This article is written by a student writer from the Her Campus at BU chapter.

Continuing with The New Yorker’s Best Short Stories of 2017, this week I read A Love Story by Samantha Hunt. 


The New Yorker picked the quote, “The list of potential reasons that my husband and I no longer have sex wakes me up at night. If I’m not already awake thinking about the coyotes,” as the description of this short story, which doesn’t seem to represent the story very well.

Yes, the theme of the narrator’s sex life is recurrent throughout, but there are many sub-themes which are as effectively impactful as this.

We learn that the narrator is in her forties, a mother, a pot dealer, and now a writer. It’s obvious that the narrator wears many hats as many women that age do. But the author talks about these various aspects of her life in realistic ways which make it a successful, first-person telling of what it means to age as a woman.

In a funny section, the narrator describes a night where she goes out to a bar with a group of pot dealers, all of which were at least half her age. There, she is approached by a young, good-looking guy who she immediately believes wants to sleep with her. She starts panicking, wondering what her husband would think and remembering what it was like to be that young. But, in an unexpected turn of events, the young boy instead asks her if she has any snacks because he knows she’s a mom. This scene was hilarious, but also made you cringe with second-hand embarrassment.

The short story is full of scenarios like the bar one. Another tale is about how the narrator tries to initiate sex with her husband. She does this by asking him to “check her for ticks,” even though the climate in California makes it unlikely that she will ever contract Lyme Disease. Even though she knows she probably doesn’t have any, the narrator still asks her husband to check her, in the hope that he’ll do more than just observe her moles. He doesn’t and each night her husband shuts the light off leaving her disappointed.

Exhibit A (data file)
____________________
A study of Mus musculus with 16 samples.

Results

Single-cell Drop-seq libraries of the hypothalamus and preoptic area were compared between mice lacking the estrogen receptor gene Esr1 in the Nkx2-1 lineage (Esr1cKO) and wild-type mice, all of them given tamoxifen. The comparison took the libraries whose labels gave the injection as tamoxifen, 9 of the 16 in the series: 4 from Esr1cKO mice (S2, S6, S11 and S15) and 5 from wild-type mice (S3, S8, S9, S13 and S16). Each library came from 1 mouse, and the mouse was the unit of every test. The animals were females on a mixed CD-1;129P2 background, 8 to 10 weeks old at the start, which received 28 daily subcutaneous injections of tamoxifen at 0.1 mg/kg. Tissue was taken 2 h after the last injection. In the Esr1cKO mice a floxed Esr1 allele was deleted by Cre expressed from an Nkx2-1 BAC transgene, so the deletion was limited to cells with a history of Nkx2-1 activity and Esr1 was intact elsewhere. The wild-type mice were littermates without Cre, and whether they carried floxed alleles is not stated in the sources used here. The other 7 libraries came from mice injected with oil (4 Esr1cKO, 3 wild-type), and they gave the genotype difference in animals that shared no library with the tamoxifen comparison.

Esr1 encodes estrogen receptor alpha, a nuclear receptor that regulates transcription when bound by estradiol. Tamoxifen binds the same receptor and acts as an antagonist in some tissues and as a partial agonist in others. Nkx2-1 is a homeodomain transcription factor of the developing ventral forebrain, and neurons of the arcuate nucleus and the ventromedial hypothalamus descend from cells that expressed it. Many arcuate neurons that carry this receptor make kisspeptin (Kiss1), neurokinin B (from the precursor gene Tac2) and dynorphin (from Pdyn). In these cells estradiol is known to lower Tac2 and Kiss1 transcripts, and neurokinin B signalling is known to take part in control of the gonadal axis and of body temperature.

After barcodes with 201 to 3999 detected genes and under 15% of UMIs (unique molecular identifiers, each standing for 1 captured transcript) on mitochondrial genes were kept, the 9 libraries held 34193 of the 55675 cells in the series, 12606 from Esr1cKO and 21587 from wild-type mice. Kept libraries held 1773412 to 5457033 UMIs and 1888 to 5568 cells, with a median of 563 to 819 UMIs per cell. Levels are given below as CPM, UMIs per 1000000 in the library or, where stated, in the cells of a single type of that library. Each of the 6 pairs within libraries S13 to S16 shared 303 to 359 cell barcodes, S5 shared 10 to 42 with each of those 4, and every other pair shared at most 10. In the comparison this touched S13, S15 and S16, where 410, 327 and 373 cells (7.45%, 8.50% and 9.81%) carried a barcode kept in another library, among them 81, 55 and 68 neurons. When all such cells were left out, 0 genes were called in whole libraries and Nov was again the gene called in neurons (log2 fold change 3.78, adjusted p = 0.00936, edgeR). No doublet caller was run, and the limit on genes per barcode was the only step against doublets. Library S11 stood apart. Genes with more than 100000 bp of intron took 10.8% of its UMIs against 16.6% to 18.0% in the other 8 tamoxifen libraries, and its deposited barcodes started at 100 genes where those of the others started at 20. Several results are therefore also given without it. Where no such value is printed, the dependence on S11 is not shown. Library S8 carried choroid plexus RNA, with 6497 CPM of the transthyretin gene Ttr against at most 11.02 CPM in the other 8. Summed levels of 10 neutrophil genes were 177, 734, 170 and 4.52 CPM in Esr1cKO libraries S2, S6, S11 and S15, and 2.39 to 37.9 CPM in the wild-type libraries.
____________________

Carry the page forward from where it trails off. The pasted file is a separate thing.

It’s a sad look at a realistic situation of marriage. While the story makes the reader laugh at the ridiculous scenarios that the narrator describes, it also offers an extremely realistic portrayal of married life, growing older, and dealing with loneliness, which can occur even when you’re in a relationship.

This story is also a comment on communication, specifically between a husband and a wife. It can be so easy to say that communication is necessary for a relationship, but executing a discussion that’s both honest and not accusatory is a challenge, one that many people are hesitant to take on.

Even though I differ from the situation of this narrator and can’t relate very much to her struggles, the story itself is appealing. The scenarios are adaptable to many different situations and the unique set up of the divided sections gives the reader a moment to catch their breath and ponder about the deeper meaning of what was written.


This to me is an excellent example of a successful short story and rightly deserves to be among the rest of The New Yorker’s 2017 stories. 


Writers of the Boston University chapter of Her Campus.